Holy Smokes, what a day!
It’s late, so I’ll make this as short as possible for my own sanity…Noah’s PIC line had a bacteria, so they pulled that out today. I found out that in the NICU, when an infant has a PIC line put in, the protocol is a routine dose of Nystatin, an anti-fungal, until the PIC line is pulled out. Noah has had a PIC line in for 7 weeks…last night was the first time he was given Nystatin (You do the math).

Because they pulled the PIC line, they had to put in an IV line somewhere else. After poking his right wrist, right foot, left wrist, and left foot, there is now a line in his HEAD. NICU came to put it in because babies have great veins in their heads.

Risk Management got involved in Noah’s case today…just because we want stool, urine, and 3ml of his blood for our own tests, with a reputable lab. I won’t go into details because my heart is not to get everyone else worked up, but just to inform so everyone knows how to pray…

We had a good talk with our favorite Attending today, expressing our feelings, concerns, opinions, and sentiments. Sorry, again, no details, just know that your prayers are coveted for Noah.

You may all be tired of living vicariously in the PICU for 8 weeks now, especially being frustrated not having answers and knowing that the docs here aren’t searching for any more. Please don’t grow weary in well doing. Keep praying. Jason and I do not feel like 8 weeks is anything in the scope of life on earth and have not felt released in anyway from this scenario. Thank you for walking this journey with us and bearing this load. We could not do this without all of you, wherever you are!

Today I was feeling strongly for men to be praying for Noah. My dear friend who brought dinner to us tonight told me that her husband has been praying for Noah since he was in my womb and that he prays for Noah every day. I have never even met her husband! It was so encouraging to know that what I was feeling in my heart, God was already laying on the hearts of praying men.

Okay, bed time. I’ll check in tomorrow. Have a blessed night! Peace!



10 Responses

  1. I’ve been filling my husband in on Noah’s status. We’re still watching and praying everyday and haven’t given up on “being there with you.” Thank you for continuing to post. We’re with you in the hardship and pain, and when the miracles begin to happen we’ll get to take part in your immense joy. For that we are blessed!

  2. Keep on the path to holding everyone’s feet to the fire. Through my experiences, if you don’t have someone around asking questions of every person involved in someone’s healthcare, then crucial things get overlooked or ignored. So do NOT second guess your decision to bug the heck out of everyone!!!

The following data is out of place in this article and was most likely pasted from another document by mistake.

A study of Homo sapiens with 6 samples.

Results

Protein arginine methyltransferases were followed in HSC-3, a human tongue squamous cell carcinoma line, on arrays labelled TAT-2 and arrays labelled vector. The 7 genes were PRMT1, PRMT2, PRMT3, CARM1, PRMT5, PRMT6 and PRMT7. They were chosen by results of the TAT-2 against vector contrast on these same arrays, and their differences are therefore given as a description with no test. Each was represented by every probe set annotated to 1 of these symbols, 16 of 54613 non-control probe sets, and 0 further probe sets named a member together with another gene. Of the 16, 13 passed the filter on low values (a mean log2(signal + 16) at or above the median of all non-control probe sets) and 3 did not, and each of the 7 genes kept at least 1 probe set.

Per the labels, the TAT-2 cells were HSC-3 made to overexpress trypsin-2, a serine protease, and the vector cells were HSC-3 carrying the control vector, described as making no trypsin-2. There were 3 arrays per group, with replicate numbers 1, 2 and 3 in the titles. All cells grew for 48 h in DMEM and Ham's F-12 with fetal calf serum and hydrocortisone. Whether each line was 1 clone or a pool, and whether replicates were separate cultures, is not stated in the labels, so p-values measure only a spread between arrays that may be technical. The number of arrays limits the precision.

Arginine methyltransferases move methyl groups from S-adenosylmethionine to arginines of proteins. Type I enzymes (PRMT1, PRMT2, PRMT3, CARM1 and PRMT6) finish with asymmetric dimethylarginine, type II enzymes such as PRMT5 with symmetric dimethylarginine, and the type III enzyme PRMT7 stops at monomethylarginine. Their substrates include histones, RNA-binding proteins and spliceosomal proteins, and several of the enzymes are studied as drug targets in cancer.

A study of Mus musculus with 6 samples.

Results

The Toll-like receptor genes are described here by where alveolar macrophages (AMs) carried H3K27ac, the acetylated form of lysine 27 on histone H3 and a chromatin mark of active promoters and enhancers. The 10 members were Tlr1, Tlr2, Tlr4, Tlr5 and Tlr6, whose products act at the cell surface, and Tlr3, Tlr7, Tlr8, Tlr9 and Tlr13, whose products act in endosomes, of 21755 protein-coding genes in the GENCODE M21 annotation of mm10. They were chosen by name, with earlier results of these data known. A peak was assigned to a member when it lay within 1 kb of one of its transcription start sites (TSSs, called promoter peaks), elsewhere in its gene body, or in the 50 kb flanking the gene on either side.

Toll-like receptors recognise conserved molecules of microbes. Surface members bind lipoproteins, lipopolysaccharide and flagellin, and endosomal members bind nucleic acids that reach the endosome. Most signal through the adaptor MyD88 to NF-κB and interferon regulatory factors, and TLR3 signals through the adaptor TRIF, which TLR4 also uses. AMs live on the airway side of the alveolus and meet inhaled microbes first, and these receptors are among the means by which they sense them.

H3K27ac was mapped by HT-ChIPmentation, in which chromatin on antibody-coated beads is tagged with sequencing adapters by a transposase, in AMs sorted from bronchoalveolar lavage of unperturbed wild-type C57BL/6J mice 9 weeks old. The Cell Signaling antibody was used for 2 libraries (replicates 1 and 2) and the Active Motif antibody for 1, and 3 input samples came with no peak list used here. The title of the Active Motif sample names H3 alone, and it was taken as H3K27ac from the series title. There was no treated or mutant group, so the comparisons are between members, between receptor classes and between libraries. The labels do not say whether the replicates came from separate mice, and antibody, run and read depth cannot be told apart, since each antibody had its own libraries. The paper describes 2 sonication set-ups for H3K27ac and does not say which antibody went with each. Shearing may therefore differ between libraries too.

High Five!

  3. Adrienne, It was so good to “run into you” at the hospital yesterday. You are such an encouragement and inspiration to me. Thank you for blessing me. I praise God for how He is sustaining you and your family and how you are using this experience to tell others of His love. What a journey this has been. Keep listening to Him; it sounds like He’s been telling you so many great truths. Thanks for letting us know through this blog how we can pray specifically. Noah is touching us all. Shalom, Kristin

  4. Erin and I are praying for Noah! We read your blog everyday and I am making it a focal point of my prayers. Thanks for the great example you 2 are providing. I can’t imagine…and the way you 2 are handling it is a blessing on so many lives. We are praying for you, hang in there!

  5. We are still believing with you and we continue to lift up Noah constantly. God has placed your family on our hearts for a reason and we have faith that the “break through” is coming!
    Much love,
    The Smiths

  6. FWIW, Nicky had a PICC line in his leg for nearly 2 months and I know for a fact that he didn’t have an anti-fungal running the whole time. Anti-fungals are *so* harsh on the lines. I can’t imagine using one for so long!

    I promise you those head PIVs aren’t as bad as they look. Nicky had several over his 2 stays and *he* never seemed to mind them as much as the hand or foot ones. We use to call it his ‘antenna’ 🙂

    Don’t let the rookies try to stick him any more – seriously – refuse them when they come! Tell them he’s a hard stick and you want the best they have. It got to the point where I would request certain phlebotomists to do his draws or IVs. My kid’s not going to be some rookie’s pin cushion!